Published 25 December 1991

I am constantly amazed by the generosity of donors and subscribers, great and small, who give so willingly and often towards the enjoyment of others.

Her Majesty The Queen

In 1991 Boris Yeltsin won the first public elections to be held in Russia, ushering in a new era of East-West relations. In the same year the United States and the Soviet Union signed an historic agreement reducing their stockpiles of nuclear warheads by about a third. The Queen's Christmas Broadcast in 1991 reflected on the enormous changes taking place across Eastern Europe and Russia, and the importance of democratic traditions.

In 1952, when I first broadcast to you at Christmas, the world was a very different place to the one we live in today.

Only seven years had passed since the end of the most destructive wars in the history of mankind. Even the end of the hostilities did not bring the true peace for which so many had fought and died. What became known as the 'Cold War' sustained an atmosphere of suspicion, anxiety and fear for many years.

Then, quite suddenly, everything began to change, and the changes have happened with bewildering speed. In 1989 the Berlin Wall came down. Since then the rest of the world has watched, fascinated, as oppressive regimes have crumbled under popular pressure.

One by one, these liberated peoples have taken the first hesitant, and sometimes painful, steps towards open and democratic societies.

Naturally, we welcome this, and it may be that we can help them achieve their aims. But, in doing that, we need to remind ourselves of the essential elements which form the bedrock of our own free way of life - so highly valued and so easily taken for granted.

This can be an opportunity to reflect on our good fortune, and on whether we have anything to offer by way of example to those who have recently broken free of dictatorship. We, who claim to be of the free world, should examine what we really mean by freedom, and how we can help to ensure that, once in place, it is there to stay.

There are all sorts of elements to a free society, but I believe that among the most important is the willingness of ordinary men and women to play a part in the life of their community, rather than confining themselves to their own narrow interests.

The parts they play may not be major ones - indeed they can frequently turn out to be thankless tasks. The wonder is, though, that there are so many who are prepared to devote much of their lives, for no reward, to the service of their fellow men and women.

Without their dedication, where would our churches and charities be, for instance? Without such people, many would be unable to enjoy the pleasure which the arts bring to our daily lives.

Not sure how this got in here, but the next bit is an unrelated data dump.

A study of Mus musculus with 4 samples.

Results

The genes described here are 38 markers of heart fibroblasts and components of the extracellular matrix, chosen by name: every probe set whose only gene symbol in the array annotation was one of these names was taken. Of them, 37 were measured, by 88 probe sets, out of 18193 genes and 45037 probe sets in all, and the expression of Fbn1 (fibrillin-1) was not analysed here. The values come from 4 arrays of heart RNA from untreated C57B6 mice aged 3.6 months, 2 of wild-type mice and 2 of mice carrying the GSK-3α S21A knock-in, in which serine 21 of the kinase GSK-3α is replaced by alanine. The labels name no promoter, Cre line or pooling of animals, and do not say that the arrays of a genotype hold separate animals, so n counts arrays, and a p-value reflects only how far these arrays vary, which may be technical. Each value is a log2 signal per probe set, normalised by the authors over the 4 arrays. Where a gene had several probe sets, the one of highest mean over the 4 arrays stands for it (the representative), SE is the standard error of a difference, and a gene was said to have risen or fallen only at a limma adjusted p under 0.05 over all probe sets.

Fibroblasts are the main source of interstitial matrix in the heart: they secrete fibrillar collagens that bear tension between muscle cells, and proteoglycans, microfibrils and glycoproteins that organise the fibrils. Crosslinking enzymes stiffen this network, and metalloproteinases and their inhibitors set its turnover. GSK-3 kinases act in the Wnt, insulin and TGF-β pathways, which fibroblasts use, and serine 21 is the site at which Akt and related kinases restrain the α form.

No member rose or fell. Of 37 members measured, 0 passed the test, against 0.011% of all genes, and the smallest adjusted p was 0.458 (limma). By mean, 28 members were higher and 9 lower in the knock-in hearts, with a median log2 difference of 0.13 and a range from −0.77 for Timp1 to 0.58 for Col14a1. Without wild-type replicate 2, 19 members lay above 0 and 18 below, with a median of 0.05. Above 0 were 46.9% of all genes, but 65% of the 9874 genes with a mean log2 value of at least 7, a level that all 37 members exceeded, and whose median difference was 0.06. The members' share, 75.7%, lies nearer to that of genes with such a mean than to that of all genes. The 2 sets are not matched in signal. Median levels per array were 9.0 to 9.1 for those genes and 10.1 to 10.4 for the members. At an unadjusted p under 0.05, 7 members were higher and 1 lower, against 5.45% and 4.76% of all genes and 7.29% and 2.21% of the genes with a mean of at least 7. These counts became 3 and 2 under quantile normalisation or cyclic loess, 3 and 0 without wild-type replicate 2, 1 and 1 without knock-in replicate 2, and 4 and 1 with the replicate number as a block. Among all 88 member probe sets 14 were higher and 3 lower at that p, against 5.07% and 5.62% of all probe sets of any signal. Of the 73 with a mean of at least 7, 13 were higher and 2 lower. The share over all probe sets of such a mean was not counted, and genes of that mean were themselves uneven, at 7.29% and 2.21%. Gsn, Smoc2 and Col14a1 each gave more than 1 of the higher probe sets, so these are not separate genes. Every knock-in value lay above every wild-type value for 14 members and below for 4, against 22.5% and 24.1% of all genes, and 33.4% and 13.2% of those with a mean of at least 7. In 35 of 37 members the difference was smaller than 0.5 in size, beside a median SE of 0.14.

Governments can encourage and support, but it is the volunteers who work away for nothing in administration or spend their weekends seeing fair play, who make sport and physical recreation so worthwhile.

I am constantly amazed by the generosity of donors and subscribers, great and small, who give so willingly and often towards the enjoyment of others. Without them these voluntary organisations simply would not exist.

The peoples of the former Soviet Union and Eastern Europe have broken the mould of autocracy. I hope that we will be able to help them as they learn that the democracy which has replaced it depends, not on political structures, but on the goodwill and the sense of responsibility of each and every citizen.

It is not, of course, as simple as that. All the selfless voluntary work in the world can be wasted if it disregards the views and aspirations of others. There are any number of reasons to find fault with each other, with our Governments, and with other countries.

But let us not take ourselves too seriously. None of us has a monopoly of wisdom and we must always be ready to listen and respect other points of view.

At the Commonwealth Heads of Government Meeting in Zimbabwe this autumn, we saw an example of mutual tolerance and respect for the views of others on an international scale. Leaders of the fifty nations came together to discuss the future.

They met in peace, they talked freely, they listened, they found much on which to agree, and they set a new direction for the Commonwealth. I am sure that each derived strength and reassurance in the process.

That was just one event in a year of massive and historic change. This time last year we were thinking of the servicemen and women in the Gulf, and of the hostages in captivity. Our prayers for their safe homecoming have largely been answered.

This Christmas we can take heart in seeing how, in the former Soviet Union and Eastern Europe, where it has endured years of persecution and hardship, the Christian faith is once again thriving and able to spread its message of unselfishness, compassion and tolerance.

Next February will see the fortieth anniversary of my father's death and of my Accession. Over the years I have tried to follow my father's example and to serve you as best I can.

You have given me, in return, your loyalty and your understanding, and for that I give you my heartfelt thanks. I feel the same obligation to you that I felt in 1952. With your prayers, and your help, and with the love and support of my family, I shall try to serve you in the years to come.

May God bless you and bring you a Happy Christmas.